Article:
Trachoma: A Blinding Scourge from the Bronze Age to the Twenty-first Century


Most “tropical diseases” are diseases, which, although now found among the poor in the tropical developing world, are ancient and were once diseases of the now industrialized world linked to poverty, crowding, poor hygiene, and sanitation. There are abundant citations for many of these diseases in Egyptian papyrus records or the Bible.

Trachoma is one of these diseases, and Professor Hugh Taylor has produced a fascinating documentation of trachoma’s public health history. However, he has also undertaken not only to provide the history of this infectious cause of blindness but to provide the full story from biology to clinical and laboratory diagnosis and current control efforts. The book moves smoothly from history to clinical disease to control and, hopefully, towards elimination.

This is a remarkable book for several reasons. First, it has been written by one author. Taylor’s encyclopedic knowledge of this disease is truly extraordinary. Second, it is not a textbook in the general sense of dealing with a single bacterium. Rather, this book provides the social context of trachoma from Hippocrates onward, as well as the public policy decisions and implications of current efforts to eliminate this major infectious cause of blindness. The microbiologist, vaccinologist, and epidemiologist will find a full accounting of progress that has been made on these fronts up to 2007. Third, it is a beautifully produced book with generous illustrations and pictures, and many but not all are from the author’s extensive work around the world, especially in Australia.

Hugh Taylor was born in Melbourne, trained in ophthalmology and undertook his first field work on trachoma in 1976 under the tutelage of Fred Hollows, an indefatigable champion of improving health for the Australian aborigines. Later at Johns Hopkins University, Taylor conducted important studies in monkeys on the immunology of trachoma and conducted trachoma field projects on more than one continent. After serving as Chairman of the Department of Ophthalmology at University of Melbourne for the past 17 years, Professor Taylor is now the Harold Mitchell Professor of Indigenous Eye Heath at the University of Melbourne.

Between the chapters on trachoma history and public policy for trachoma control, there are authoritative and readable chapters on clinical and laboratory diagnosis, biology and epidemiology of the organism, pathogenesis, immunology and vaccine development, and the field studies that led to the current SAFE strategy (Surgery for trichiasis, Antibiotic therapy, Facial cleanliness, and Environmental change [water and sanitation]) of the World Health Organization (WHO). No one is better equipped to do this, because over the past 30 years, Hugh Taylor has wrestled with all of these pieces of the trachoma puzzle. Furthermore, along with his colleagues at WHO, he has been the architect of much of the progress that has been made in controlling trachoma over the past 20 years.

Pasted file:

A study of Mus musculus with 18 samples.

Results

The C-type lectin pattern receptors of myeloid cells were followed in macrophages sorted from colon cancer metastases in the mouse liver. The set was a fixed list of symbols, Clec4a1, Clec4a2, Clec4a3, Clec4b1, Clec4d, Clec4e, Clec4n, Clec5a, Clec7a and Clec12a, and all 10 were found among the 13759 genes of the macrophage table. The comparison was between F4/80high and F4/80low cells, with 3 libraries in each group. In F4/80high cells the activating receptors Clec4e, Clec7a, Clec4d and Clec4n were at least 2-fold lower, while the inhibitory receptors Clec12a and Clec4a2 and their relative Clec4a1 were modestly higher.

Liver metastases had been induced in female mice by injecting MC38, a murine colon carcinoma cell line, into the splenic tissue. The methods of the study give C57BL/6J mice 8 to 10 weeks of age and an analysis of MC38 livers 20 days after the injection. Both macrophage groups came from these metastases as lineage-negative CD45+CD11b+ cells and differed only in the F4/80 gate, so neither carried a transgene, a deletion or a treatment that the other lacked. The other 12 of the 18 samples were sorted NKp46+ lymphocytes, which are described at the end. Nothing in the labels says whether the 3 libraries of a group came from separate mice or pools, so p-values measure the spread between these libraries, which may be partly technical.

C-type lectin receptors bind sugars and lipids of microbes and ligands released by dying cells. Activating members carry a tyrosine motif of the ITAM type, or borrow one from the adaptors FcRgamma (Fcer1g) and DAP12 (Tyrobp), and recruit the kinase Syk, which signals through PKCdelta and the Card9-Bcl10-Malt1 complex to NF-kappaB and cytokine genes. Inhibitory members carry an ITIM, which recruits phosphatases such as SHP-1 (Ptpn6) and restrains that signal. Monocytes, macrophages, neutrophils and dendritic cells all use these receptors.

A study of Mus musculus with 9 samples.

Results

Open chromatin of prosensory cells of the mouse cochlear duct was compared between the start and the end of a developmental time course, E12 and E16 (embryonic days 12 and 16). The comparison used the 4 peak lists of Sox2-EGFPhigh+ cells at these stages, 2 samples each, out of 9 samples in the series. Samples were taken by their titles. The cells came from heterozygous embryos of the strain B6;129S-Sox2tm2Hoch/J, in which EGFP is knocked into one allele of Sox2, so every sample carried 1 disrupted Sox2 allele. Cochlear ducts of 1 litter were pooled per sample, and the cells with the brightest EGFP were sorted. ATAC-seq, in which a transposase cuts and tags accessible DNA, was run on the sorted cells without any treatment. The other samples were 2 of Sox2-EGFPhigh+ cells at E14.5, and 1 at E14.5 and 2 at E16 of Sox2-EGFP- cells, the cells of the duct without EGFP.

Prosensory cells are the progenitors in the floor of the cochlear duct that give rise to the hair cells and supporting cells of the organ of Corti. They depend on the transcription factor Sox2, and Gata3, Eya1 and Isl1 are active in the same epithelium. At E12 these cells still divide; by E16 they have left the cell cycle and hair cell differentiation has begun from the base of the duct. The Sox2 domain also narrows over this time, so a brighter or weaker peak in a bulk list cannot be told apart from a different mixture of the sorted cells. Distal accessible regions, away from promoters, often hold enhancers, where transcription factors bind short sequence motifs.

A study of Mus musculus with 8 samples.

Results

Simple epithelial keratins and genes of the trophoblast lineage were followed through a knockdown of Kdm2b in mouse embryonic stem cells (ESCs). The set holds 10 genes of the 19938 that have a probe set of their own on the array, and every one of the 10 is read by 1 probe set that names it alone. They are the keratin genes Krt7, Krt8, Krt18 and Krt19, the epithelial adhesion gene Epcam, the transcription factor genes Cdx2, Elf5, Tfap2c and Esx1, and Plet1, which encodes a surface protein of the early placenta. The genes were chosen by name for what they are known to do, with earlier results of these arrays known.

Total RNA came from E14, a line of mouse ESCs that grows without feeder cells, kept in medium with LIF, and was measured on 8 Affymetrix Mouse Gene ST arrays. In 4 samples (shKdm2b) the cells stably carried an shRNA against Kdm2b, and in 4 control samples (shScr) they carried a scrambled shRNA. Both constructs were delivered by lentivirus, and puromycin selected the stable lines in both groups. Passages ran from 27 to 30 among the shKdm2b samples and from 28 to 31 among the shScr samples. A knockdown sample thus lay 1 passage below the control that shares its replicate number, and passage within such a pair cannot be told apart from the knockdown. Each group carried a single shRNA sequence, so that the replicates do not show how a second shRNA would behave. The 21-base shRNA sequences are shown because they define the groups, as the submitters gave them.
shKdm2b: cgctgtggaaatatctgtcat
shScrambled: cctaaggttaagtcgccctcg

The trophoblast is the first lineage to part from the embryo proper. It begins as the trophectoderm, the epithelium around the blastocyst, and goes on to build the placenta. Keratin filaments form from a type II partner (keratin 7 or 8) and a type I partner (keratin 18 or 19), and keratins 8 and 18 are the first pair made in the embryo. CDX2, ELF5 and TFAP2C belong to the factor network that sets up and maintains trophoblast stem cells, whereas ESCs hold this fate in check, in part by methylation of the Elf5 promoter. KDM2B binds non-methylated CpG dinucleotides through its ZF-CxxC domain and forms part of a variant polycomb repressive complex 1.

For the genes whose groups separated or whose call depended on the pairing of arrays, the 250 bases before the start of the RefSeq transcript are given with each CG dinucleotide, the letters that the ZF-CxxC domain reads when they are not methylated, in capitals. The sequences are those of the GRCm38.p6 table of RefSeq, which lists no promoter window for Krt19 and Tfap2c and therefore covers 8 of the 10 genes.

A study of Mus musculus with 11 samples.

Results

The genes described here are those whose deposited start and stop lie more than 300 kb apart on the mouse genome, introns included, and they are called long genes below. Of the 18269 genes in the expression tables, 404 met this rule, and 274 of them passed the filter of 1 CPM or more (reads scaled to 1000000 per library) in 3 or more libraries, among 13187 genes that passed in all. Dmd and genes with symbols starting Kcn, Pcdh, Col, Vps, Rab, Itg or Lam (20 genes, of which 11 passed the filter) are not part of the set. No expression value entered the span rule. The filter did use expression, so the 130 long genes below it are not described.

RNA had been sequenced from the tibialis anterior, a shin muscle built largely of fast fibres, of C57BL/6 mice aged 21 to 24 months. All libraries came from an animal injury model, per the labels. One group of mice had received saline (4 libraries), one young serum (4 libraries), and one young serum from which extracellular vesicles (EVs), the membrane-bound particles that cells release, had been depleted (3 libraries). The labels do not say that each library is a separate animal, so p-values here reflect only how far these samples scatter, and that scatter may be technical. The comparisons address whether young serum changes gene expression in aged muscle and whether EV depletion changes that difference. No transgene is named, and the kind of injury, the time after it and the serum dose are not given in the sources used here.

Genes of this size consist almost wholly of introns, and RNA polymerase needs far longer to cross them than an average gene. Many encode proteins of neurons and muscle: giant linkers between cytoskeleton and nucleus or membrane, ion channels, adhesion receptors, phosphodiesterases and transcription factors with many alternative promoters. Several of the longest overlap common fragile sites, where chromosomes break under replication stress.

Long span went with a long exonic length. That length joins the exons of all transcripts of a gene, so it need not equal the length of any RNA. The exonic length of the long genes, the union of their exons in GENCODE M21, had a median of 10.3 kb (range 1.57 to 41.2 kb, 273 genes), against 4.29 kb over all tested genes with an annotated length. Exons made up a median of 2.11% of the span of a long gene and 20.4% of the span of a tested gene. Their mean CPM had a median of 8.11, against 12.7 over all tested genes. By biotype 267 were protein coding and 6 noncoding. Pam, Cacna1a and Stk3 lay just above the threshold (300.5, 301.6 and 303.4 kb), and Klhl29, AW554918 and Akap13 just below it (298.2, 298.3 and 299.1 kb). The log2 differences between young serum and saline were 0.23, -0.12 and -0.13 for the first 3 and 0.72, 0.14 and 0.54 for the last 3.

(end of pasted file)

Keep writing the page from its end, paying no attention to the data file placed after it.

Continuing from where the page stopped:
Who will want this book? I am tempted to say that anyone interested in infectious diseases will. It should be obtained by all departments of ophthalmology (so they may understand their own history) and divisions of infectious diseases. For public health policy makers, this book provides insight into the biology of the organism, the clinical manifestations and, perhaps most importantly, the social determinants of this disease that can guide control strategies. I believe it is significant that the epigram for his final chapter is a 1913 quote from John McMullen on the importance that must be given to trachoma control. John McMullen was the U.S. Public Health Service physician who organized a “trachoma train” to move through the southeastern United States to fight this blinding disease of the poor. It struck me that Hugh Taylor is the natural successor to John McMullen. In his case, he used a “trachoma jet” to tirelessly travel from continent to continent for field research and control programs, as well as to influence policy in meetings in Geneva and with the International Agency for Prevention of Blindness. Taylor’s valedictory dealing with the trachoma situation in Australia, applies to blinding trachoma everywhere because, with the SAFE strategy and azithromycin, the tools are available: “What is needed to eliminate trachoma as a blinding problem is sustained political will and the commitment to follow through.” This is a book that all who work in tropical infectious disease research and control will enjoy.